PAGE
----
On Friday I had the privilege of attending Echoing Green’s 25th Anniversary All Fellows Conference. For those who aren't familiar with Echoing Green (EG), it is a NYC-based non-profit with a huge global impact. It provides a two year Echoing Green fellowship for early stage social entrepreneurs, which consists of financial support, services and access to a rich community of fellow entrepreneurs and supporters. In the last selection cycle EG received over 3,500 applications from 128 countries for the usual 30 spots within the fellowship cohort, making it more than selective with an acceptance rate of less than 1%. Last year was the launch of EG’s Black Male Achievement Fellowship in collaboration with the Open Society Foundation. Echoing Green is also, like its peer Ashoka, a pioneer of the growing field of social entrepreneurship and a thought leader in this movement.
The conference was integrated with the annual All Fellows Conference, but was also open to alumni of the fellowship dating back to the early 1990's and former Echoing Green staff members (yay!) in honor of the 25th anniversary celebration. While it may seem odd to jump at the opportunity to use a day of vacation to attend an all-day conference hosted by an organization you worked for, for only a year, five years ago, I made sure that I was there. Simply put, this event was some much needed food for my soul.
There was no red carpet, no staged photo area, no press, but the event, which also honored Ed Cohen, respected venture capitalist and the founder of Echoing Green, did attract stars, just of a very unique breed. Former EG Fellows present included Wendy Kopp, founder of Teach for America, Michael Brown & Allen Khazei, co-founders of City Year, Vanessa Kirsch, co-founder of Public Allies and founder of NewProfit, and Van Jones, co-founder of the Ella Baker Center for Human Rights and Green For All. These giants of social entrepreneurship not only founded some of the largest public service organizations in the nation, but they also contributed to introducing groundbreaking legislation like the National and Community Service Trust Act (AmeriCorps, 1993) and the Energy Independence and Security Act (Green Jobs Act, 2007).
But it was not the mere presence of these famous social entrepreneurs that made the morning plenary sessions so moving. It was the familial intimacy displayed in a room of almost 300 participants. Cheryl Dorsey, EG president and another giant within the movement, spoke briefly on EG’s history and current trajectory. What struck me is how she punctuated her very informal, mic-less speech by pointing to folks within the audience, entrepreneurs from every stage of EG history, and integrated their personal and professional stories into that of the organization like an all-encompassing hug. Yes, the successes of Echoing Green Fellows and their respective ventures are amazing, but what was truly inspiring was the litany of personal thanks directed at Ed Cohen for his life-changing, compassionate confidence and investment in people. Not people in the abstract, ‘all of humanity’ sense, but in real individuals drowning in debt with only their ideas and passion to hold on to. “Ed Cohen has the highest degree of empathy for other people,” one alumnus stated. There were several direct ‘I love you’s,’ numerous forms of ‘you have changed my life’ and countless accounts of how Mr. Cohen and EG had stepped in as a lifeline in various personal and organizational crises.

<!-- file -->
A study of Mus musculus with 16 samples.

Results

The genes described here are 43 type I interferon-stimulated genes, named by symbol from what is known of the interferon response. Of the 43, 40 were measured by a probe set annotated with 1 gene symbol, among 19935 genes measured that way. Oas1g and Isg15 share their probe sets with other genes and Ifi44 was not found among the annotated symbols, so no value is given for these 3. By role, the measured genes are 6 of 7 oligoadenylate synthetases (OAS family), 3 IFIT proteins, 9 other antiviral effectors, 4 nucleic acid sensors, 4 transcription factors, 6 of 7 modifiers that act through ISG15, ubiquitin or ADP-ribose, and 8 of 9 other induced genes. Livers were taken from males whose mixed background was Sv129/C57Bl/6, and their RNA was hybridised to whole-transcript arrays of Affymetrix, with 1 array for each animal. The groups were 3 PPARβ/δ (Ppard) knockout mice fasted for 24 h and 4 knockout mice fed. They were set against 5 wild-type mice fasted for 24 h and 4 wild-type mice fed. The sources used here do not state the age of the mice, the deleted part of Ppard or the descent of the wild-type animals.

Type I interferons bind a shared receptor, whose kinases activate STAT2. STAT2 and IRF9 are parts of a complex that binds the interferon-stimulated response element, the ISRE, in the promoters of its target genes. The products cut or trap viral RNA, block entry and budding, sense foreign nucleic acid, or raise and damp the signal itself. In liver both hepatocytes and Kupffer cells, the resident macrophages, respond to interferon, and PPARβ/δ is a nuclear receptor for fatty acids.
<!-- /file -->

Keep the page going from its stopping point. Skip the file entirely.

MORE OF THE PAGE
Then Ed Cohen spoke. Surprisingly zen, he noted that the phrase “perseverance further” was one of the most recurring in the I-Ching Chinese philosophy. He thanked others for the success of EG and went about sharing his meditations, illustrating his talk with stories, his own paintings and selected poetry. One of his major themes: collaboration. “The greatest power among social change people is in working together,” he insisted, after explaining how several EG Fellows collaborated with each other and other partners to be the first to invest equity capital in Native American reservations. The poetry, as he explained, was inevitable. Echoing Green itself was given the name of a William Blake poem. Ever the lover of this written form, Mr. Cohen pulled out a couple of well-used hardcovers and read the room of 300 change makers two poems: Try to Praise The Mutilated World by Adam Zagajewski and Ithaka by C.P. Cavafy.
Saturated, we broke for lunch, which was filled with exclamations and hugs as people reconnected. The afternoon was divided into ‘Braintrust sessions’ in which guests, staff, and alumni provided ideas and recommendations to newer Fellows facing challenges. I realized more than ever how buzzed I get connecting people and helping them pursue their ideas and passions. I found myself adding to my own list of things to accomplish in life: I aspire not only to make the impact of a social entrepreneur someday, but to also have made the impact of being an ‘Ed Cohen’ to a network of change makers. An ambitious challenge indeed, but one I take on joyfully.